I really appreciate when a film can feel so grounded in reality and at the same time, exude a sense of otherworldliness. Tom Botchii's debut feature Artik is one of those films. Following its World Premiere at Popcorn Frights Film Fest, Epic Pictures and DREAD snatched up the film and released it on Blu-ray and VOD on September 10th. I'm very grateful they were kind enough to send a review copy my way, as Artik offers up quite a memorable viewing experience.
The film centers on Artik (Jerry G. Angelo), a comic book obsessed serial killer who spends his nights in the town which he lives searching for unfortunate victims to satiate his murderous tendencies. While on these "night hunts", Artik begins teaching his son, Boy Adam (Gavin White), how to get away with a series of brutal murders, attempting to pass on his homicidal legacy, if you will.
Seemingly feral by nature, Adam also has a reflective, somewhat sensitive side, and ends up befriending a troubled and mysterious young man named Holton Shudcase (Chase Williamson), who takes pity on the boy and sets out to discover more about his obviously disturbed home life. Unfortunately, this newfound companionship threatens to expose all of Artik's hard work, and Artik will stop at nothing to keep his secrets in the ground.
Also on hand are Flin Brays (Lauren Ashley Carter) Artik's wife and partner in crime, Holton's Al-Anon leader Kar (Matt Mercer), and a cadre of children that Artik and Flin keep locked away in their barn.
While Artik may sound like a tale you've seen countless times from the horror genre - you know, the whole "family that slays together, stays together", psycho hillbilly schtick - you can rest assured, Artik is quite a bit different than your typical run-of-the-mill slasher. Botchii skillfully blends a grim atmosphere with solid character building, effective storytelling and some stylistic flair thrown into the mix for good measure. Think The Texas Chain Saw Massacre meets The Crow, if Eric Draven had Charles Manson as a mentor.
As I mentioned at the beginning of this review, Artik features an otherworldly vibe to it, which certainly lends itself greatly to the whole comic book motif. Some scenes felt almost post-apocalyptic in nature, bleak and gritty, while others featured a sense of warmth and serenity. For example, scattered throughout the film are shots of bright yellow sunflowers that permeate Artik's blood-soaked farmland. These bring a feeling of purity and serenity to the table, and outwardly symbolize a glimmer of hope in a predominantly harsh cinematic landscape.
On the performance side of things, Artik features fantastic turns from each and every member of its cast. Jerry G. Angelo ("Better Call Saul", American Warfighter) does an outstanding job with portraying the film's anti-hero. Artik is an imposing on-screen presence, but he's substantially different than your average slasher flick brute. He's an irregular serial killer who thinks he's doing the world a favor by carrying out his heinous acts in an ongoing pursuit of purity. Artik, while savage and cruel in nature, is a character you feel for and one that's an absolute pleasure to watch and study. Personally, I think Artik is such an intriguing character that I would love to see his backstory fleshed out a bit more in a prequel. Lauren Ashley Carter (Imitation Girl, The Mind's Eye) delivers an equally demented performance as Flin, who can go from a moderately loving mother figure to an unhinged madwoman with zero empathy in a heartbeat. Gavin White’s (14 Cameras, "Black-ish") performance as Boy Adam is an impressive one when considering his age, his limited lines of dialogue, and the film's disturbing subject matter. Chase Williamson (John Dies at the End, Beyond the Gates), who usually takes on slightly-comedic roles, shines as Holton, a character struggling to overcome a past of addiction and excess. And even though, we don't have much insight into Holton's past, Williamson carries the character with so much finesse that the lasting effects of an out of control past are clearly presented and understood.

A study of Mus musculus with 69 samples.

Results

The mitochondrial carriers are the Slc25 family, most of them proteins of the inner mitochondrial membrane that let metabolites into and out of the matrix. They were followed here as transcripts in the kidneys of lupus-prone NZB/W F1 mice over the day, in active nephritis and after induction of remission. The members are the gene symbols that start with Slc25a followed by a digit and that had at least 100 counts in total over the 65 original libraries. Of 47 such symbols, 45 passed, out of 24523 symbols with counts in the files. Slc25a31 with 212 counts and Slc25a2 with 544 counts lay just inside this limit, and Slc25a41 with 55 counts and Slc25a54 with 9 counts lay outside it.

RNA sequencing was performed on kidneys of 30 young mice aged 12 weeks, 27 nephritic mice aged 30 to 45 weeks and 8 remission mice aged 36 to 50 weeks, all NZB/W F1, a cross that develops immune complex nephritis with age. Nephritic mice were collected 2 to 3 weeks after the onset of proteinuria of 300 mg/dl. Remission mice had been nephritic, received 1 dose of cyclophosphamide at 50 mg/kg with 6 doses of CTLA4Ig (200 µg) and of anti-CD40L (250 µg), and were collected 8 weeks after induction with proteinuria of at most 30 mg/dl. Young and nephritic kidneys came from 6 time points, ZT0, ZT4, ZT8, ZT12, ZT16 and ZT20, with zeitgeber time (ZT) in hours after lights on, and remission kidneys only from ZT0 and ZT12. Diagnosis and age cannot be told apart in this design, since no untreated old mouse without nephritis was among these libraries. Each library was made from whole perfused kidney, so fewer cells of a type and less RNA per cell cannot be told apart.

In terms of special effects, Artik features some outstanding gore and torture sequences, and while they don't necessarily reach the level of "torture porn", the film's more gruesome scenes are sure to satisfy devoted gore-hounds. The carnage is well-shot and effective without being too over-the-top. The choice to stick with practical effects is always a welcome one in my book as well. Corey Wallace's score wraps everything up in a nice little package, further heightening the film's overall sense of dread and unease.
Credited as writer, director, producer and editor, Tom Botchii has delivered one hell of an impressive and ambitious feature-length debut with Artik. It's a film that'll keep you on the edge of your seat until its conclusion and resonate in your mind long after the credits have rolled. Artik pulls no punches and wastes no time whatsoever with its delivery. When taking into consideration Artik and the two short films (Goldblooded and 11 Minutes) included on the Blu-ray, Botchii is definitely a filmmaker to keep an eye on moving forward. It's worth noting that the Blu-ray also features director commentary and a couple of behind-the-scenes featurettes.